It’s a mix between Kijiji and Craigslist, with a dash of eBay.
The 20-something leaders of Uniiverse.com have taken old social-media concepts and mashed them together for a new platform dubbed “collaborative living.”
“It’s an online marketplace for activities and services that happen offline,” said Ben Raffii, president and a Uniiverse chief executive officer.
In other words, the site ‘ whose founders include Western grad Craig Follett ‘ isn’t just another way to keep friends updated about your “status” or a tool for instantaneously sharing strokes of genius. Instead, Uniiverse aims to let people connect via the Internet then meet face-to-face for everything from ultimate Frisbee showdowns to math tutoring.
One of the things that sets Uniiverse apart from other ad-listing sites is the “Trust Score” assigned to each user. Kind of like eBay’s feedback function, the trust quotient lets “posters” build a repertoire and helps browsers decide who should be avoided.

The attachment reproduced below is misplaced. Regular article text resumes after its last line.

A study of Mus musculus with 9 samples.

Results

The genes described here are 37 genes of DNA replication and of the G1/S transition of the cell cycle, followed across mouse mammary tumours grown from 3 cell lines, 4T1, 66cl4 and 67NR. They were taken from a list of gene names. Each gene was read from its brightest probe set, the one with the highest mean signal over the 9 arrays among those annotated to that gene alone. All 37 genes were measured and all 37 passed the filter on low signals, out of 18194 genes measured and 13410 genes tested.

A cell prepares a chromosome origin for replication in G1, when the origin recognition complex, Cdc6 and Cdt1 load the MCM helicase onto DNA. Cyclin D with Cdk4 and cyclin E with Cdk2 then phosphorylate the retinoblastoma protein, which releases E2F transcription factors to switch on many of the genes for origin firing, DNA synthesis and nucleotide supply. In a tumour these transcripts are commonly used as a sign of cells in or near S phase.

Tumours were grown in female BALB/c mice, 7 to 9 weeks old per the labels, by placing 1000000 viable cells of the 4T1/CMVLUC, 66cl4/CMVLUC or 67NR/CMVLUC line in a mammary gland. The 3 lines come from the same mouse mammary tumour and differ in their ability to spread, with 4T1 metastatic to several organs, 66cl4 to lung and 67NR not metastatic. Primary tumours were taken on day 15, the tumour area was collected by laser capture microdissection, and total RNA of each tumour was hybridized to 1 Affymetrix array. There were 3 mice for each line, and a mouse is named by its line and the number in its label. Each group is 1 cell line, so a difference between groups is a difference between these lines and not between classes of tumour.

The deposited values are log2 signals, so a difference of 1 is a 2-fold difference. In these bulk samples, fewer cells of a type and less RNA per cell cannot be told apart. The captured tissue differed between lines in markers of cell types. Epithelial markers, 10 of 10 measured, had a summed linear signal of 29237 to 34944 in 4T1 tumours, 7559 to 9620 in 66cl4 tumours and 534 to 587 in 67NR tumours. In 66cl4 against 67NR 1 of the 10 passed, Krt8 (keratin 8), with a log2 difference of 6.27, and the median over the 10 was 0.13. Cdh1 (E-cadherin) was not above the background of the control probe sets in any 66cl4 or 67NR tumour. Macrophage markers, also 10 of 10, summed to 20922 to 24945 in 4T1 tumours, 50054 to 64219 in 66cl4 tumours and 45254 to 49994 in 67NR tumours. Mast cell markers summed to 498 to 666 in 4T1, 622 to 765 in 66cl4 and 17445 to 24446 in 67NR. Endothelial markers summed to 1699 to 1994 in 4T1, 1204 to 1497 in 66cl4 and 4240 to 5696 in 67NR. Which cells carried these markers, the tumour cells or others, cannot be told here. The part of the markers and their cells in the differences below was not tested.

With a team of Western students helping, Uniiverse ‘ headquartered in Toronto ‘ launched Feb. 7. By Sunday, about 30 posts had been made for services and events in the London area.
The way people choose to use Uniiverse is as unlimited as their imagination. Entrepreneurs may choose to offer cooking classes or language lessons, some may be looking for people with whom to share rides and others might be searching for some new yoga mates.
The site is building what Follett ‘ the Western grad ‘ calls a “sharing economy.”
“(One) … where access and experiences are more important than ownership,” Follett said in a statement. “This movement … will build stronger communities.”